A federal judge sentenced a former New Haven bankruptcy attorney to 63 months in prison and three years’ probation Friday for embezzling millions of dollars from clients.
Following numerous victim impact statements in U.S. District Court in Hartford, Judge Alfred Covello also ordered 70-year-old Peter Ressler to pay more than $4 million in restitution.
Ressler, who must report to prison Jan. 15, 2018, pleaded guilty in June to one count of wire fraud, two counts of embezzlement from a bankruptcy estate, and one count of bankruptcy fraud. Ressler was a former partner with Groob, Ressler & Mulqueen in New Haven, which touts itself as one of the state’s oldest bankruptcy firms.
Ressler’s conduct equated to a “Ponzi scheme,” prosecutors said in the plea agreement.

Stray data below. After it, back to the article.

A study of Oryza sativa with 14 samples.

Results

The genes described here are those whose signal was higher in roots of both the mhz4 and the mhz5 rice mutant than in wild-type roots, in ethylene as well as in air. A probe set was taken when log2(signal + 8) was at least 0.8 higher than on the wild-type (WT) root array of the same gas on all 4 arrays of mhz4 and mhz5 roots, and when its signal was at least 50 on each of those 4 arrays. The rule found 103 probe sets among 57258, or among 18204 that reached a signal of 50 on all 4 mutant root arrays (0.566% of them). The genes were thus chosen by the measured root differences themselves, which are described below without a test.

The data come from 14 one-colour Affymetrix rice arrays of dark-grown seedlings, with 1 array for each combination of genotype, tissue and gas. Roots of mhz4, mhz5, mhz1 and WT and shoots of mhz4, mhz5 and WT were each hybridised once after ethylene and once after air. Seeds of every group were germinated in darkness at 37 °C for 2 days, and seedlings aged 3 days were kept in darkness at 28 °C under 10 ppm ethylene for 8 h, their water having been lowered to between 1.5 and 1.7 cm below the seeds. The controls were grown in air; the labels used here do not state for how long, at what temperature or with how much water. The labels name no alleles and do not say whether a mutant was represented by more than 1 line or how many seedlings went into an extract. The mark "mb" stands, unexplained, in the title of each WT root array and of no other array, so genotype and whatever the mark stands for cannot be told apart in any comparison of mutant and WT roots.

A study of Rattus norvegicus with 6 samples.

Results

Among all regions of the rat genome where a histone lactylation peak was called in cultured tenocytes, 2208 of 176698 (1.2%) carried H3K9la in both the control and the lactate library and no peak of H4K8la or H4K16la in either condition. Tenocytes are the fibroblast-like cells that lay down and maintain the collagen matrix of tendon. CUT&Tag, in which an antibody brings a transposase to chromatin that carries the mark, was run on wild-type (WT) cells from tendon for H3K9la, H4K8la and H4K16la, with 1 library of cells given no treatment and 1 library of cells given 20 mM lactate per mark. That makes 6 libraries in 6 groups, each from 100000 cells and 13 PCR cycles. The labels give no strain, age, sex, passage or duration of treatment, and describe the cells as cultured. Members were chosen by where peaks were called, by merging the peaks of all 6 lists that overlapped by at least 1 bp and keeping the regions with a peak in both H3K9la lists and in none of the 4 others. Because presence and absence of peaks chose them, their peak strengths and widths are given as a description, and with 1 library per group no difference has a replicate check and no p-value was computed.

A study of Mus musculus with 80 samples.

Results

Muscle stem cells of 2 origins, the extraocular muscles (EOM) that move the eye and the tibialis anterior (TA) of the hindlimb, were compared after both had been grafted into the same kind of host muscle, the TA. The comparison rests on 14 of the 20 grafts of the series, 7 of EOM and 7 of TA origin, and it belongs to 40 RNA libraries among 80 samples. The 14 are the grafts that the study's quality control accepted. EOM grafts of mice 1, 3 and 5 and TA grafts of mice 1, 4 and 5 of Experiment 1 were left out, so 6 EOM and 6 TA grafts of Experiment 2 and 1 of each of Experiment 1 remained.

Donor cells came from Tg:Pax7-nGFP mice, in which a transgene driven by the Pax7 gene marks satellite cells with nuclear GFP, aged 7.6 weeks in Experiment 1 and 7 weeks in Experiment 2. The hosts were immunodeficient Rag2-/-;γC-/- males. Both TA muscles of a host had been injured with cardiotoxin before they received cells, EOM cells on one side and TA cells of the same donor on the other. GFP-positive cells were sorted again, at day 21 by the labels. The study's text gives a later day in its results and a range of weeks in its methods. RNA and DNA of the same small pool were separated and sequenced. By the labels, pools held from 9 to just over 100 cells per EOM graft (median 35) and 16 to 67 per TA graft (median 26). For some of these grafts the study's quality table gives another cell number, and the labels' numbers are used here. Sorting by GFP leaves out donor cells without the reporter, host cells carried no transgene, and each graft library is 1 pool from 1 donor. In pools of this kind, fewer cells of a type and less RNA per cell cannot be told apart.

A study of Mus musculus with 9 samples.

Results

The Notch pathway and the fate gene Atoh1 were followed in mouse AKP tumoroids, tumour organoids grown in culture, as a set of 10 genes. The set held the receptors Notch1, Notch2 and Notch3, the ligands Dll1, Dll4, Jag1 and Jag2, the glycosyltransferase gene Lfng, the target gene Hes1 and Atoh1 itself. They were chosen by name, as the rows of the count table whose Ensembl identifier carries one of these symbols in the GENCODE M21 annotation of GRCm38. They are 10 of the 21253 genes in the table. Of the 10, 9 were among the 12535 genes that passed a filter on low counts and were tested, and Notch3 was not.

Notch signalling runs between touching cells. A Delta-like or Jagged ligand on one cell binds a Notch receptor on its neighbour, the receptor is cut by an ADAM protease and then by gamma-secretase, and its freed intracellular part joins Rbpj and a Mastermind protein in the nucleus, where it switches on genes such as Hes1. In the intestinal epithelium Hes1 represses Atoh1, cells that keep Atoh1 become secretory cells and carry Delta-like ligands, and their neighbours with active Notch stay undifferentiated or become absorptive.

Ressler, a Woodbridge resident, took retainers from at least 30 clients earmarked for bankruptcy and tax matters, prosecutors said. Ressler told clients he would hold the funds in trust until he provided legal services.
Instead, Ressler used the money for personal and family expenses, business expenses, and to repay other clients he previously took money from, prosecutors said.
The U.S. Bankruptcy Court in Connecticut alerted the U.S. Attorney’s Office after it identified potential criminal conduct by Ressler in at least two cases, prosecutors said. There were at least 10 businesses that entrusted Ressler with hundreds of thousands of dollars as they worked their way through Chapter 11 reorganizations.
Ressler, who had been out on a $100,000 bond since his arrest in April 2016, was admitted to the Connecticut bar in 1973. He resigned in March 2016.
William F. Dow III, a senior partner with Jacobs & Dow in New Haven, represented Ressler. Dow wasn’t available for comment late Friday.
The matter was investigated by the FBI and prosecuted by Assistant U.S. Attorney Christopher Schmeisser, who was also not available for comment.